As fires rage in New South Wales and Queensland, there is one small way south-west Victorians can help from the comfort of their community.
The Australian Red Cross Lifeblood, formerly known as Australian Red Cross Blood Service, has been forced to close its donor centres at Taree, Coffs Harbour, Port Macquarie and Byron Bay and are looking to the rest of the country to help fill the gaps and ensure blood supplies stay strong.
Mortlake's Acting Sergeant Paul McLean knows how important donations can be for those who need them most after he began donating blood 20 years.
"I started donating blood every three months because it was the right thing to do," he said.
"I started off donating blood because it's what I thought everyone needed the most. But after talking to the nurses, they said donating plasma was more beneficial so I started doing that.
"Seven years ago my mum was diagnosed with acute myeloid leukemia which is terminal.
"Imagine having the worst flu-like symptoms and then after a 30-minute blood transfusion you were completely recharged.
"She survive an extra 12-18 months having transfusions once or twice a week."
New South Wales and Queensland make up over half of the nation's blood supplies and Lifeblood spokesperson Helen Walsh said now is a critical time to make a donation.
"Given the unpredictability of the fires, the reality is we're unlikely to immediately know the full impact on donations until later in the week," Ms Walsh said.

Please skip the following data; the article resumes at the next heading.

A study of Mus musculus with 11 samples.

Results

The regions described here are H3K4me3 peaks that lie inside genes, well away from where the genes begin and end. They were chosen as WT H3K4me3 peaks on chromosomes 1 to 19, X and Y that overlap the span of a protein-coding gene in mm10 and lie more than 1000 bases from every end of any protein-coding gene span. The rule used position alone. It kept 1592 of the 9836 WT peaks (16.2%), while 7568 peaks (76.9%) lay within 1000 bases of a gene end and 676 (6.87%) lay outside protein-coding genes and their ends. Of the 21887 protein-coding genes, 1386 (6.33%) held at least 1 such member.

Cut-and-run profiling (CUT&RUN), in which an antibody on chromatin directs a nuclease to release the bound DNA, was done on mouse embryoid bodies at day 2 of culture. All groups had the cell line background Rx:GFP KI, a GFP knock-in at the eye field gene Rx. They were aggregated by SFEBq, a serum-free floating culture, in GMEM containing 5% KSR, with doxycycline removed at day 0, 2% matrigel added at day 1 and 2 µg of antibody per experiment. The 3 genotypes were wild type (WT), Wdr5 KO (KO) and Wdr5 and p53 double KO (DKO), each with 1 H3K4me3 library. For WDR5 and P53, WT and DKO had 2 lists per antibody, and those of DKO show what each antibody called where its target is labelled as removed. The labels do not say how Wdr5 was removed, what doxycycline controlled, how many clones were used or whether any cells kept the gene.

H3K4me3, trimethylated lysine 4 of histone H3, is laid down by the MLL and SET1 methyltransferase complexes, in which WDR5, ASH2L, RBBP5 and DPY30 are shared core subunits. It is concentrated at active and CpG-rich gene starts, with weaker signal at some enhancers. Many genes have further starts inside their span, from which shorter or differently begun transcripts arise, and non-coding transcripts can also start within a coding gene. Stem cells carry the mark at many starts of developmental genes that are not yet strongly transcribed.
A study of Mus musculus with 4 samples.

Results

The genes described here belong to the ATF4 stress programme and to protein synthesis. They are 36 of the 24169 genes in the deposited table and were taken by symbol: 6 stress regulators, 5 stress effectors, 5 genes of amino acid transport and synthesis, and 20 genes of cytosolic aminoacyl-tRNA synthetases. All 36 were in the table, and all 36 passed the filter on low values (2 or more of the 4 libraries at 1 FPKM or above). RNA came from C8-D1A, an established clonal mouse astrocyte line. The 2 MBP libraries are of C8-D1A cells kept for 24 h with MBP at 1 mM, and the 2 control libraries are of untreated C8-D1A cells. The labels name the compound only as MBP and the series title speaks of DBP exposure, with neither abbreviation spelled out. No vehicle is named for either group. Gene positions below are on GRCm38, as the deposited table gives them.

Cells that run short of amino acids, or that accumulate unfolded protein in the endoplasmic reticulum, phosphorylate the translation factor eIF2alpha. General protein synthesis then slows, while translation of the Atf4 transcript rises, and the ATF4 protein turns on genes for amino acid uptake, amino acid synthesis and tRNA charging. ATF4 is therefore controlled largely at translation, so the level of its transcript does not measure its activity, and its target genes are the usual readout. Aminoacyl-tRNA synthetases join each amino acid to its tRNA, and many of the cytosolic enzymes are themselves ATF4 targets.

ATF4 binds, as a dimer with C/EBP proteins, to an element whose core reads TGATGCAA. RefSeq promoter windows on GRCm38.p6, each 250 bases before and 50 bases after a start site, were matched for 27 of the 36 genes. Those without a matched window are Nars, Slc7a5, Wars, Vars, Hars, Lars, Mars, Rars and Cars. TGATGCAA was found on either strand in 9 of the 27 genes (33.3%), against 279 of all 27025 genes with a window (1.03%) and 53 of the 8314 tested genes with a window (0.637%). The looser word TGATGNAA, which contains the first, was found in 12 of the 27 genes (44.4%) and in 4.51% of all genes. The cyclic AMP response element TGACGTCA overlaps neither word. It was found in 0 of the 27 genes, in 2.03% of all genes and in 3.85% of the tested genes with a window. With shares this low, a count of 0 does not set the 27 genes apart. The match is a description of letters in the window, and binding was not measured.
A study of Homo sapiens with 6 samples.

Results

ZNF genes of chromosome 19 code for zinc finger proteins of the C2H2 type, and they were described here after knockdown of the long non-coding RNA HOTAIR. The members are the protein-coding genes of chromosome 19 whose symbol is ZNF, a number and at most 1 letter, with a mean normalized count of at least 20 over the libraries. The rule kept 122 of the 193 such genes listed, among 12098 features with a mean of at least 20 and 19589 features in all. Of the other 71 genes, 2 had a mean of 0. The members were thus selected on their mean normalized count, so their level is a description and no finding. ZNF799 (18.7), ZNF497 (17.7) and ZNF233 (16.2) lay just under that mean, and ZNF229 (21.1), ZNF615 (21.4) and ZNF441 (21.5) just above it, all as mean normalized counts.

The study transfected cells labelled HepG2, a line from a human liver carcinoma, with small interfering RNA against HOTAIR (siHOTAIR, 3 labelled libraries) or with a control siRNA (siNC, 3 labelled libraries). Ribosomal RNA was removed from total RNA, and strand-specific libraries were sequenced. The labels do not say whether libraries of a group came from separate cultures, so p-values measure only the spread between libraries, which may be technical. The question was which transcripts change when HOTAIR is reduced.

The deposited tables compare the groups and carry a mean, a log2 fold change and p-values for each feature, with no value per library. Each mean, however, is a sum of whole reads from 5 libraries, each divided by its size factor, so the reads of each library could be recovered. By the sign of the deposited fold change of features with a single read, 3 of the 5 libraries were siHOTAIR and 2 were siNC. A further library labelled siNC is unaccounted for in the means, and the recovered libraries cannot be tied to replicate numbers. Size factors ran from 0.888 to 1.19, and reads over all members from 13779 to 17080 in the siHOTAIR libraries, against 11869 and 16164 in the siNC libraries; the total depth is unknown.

"We do know we collect around 15 per cent of blood supplies for New South Wales in the areas where we have had to close our centres.
"With blood being a critical resource, we simply cannot afford to take a wait and watch approach and are calling for donors to please roll up their sleeve, now, in order to bolster the nation's blood stocks."
Acting Sergeant McLean said he had educated himself on the blood services and knew his donations were used for a wide range of medical needs including transfusions, cancer and burns victims.
"This critical time of Christmas and holidays mean everyone's going away and there's a massive shortage of blood and plasma," he said.
"Donating it is one of the easiest things you can do to help someone else who's in dire need.
"Aside from a small pain from the needle going in, you just sit there, enjoy the company of the lovely nurses and get a feed at the end.
"It's one of the most fulfilling things I do."
From 15 November, the Australian Red Cross Blood Service changed its name to Australian Red Cross Lifeblood.
Lifeblood spokesman Colin Littlejohn said it marked the next exciting chapter for the organisation.
"For 90 years we have been the lifeblood of Australia thanks to our amazing donors, our volunteers and staff," he said.
"Blood is at the core of what we do, but we are now so much more than blood at centres around the country.
"The name Lifeblood reflects the role we play in the Australian community now and into the future, while also celebrating our selfless donors who are the lifeblood of Australia."
Call 13 14 95 or visit donateblood.com.au to find your nearest donor centre and book your appointment.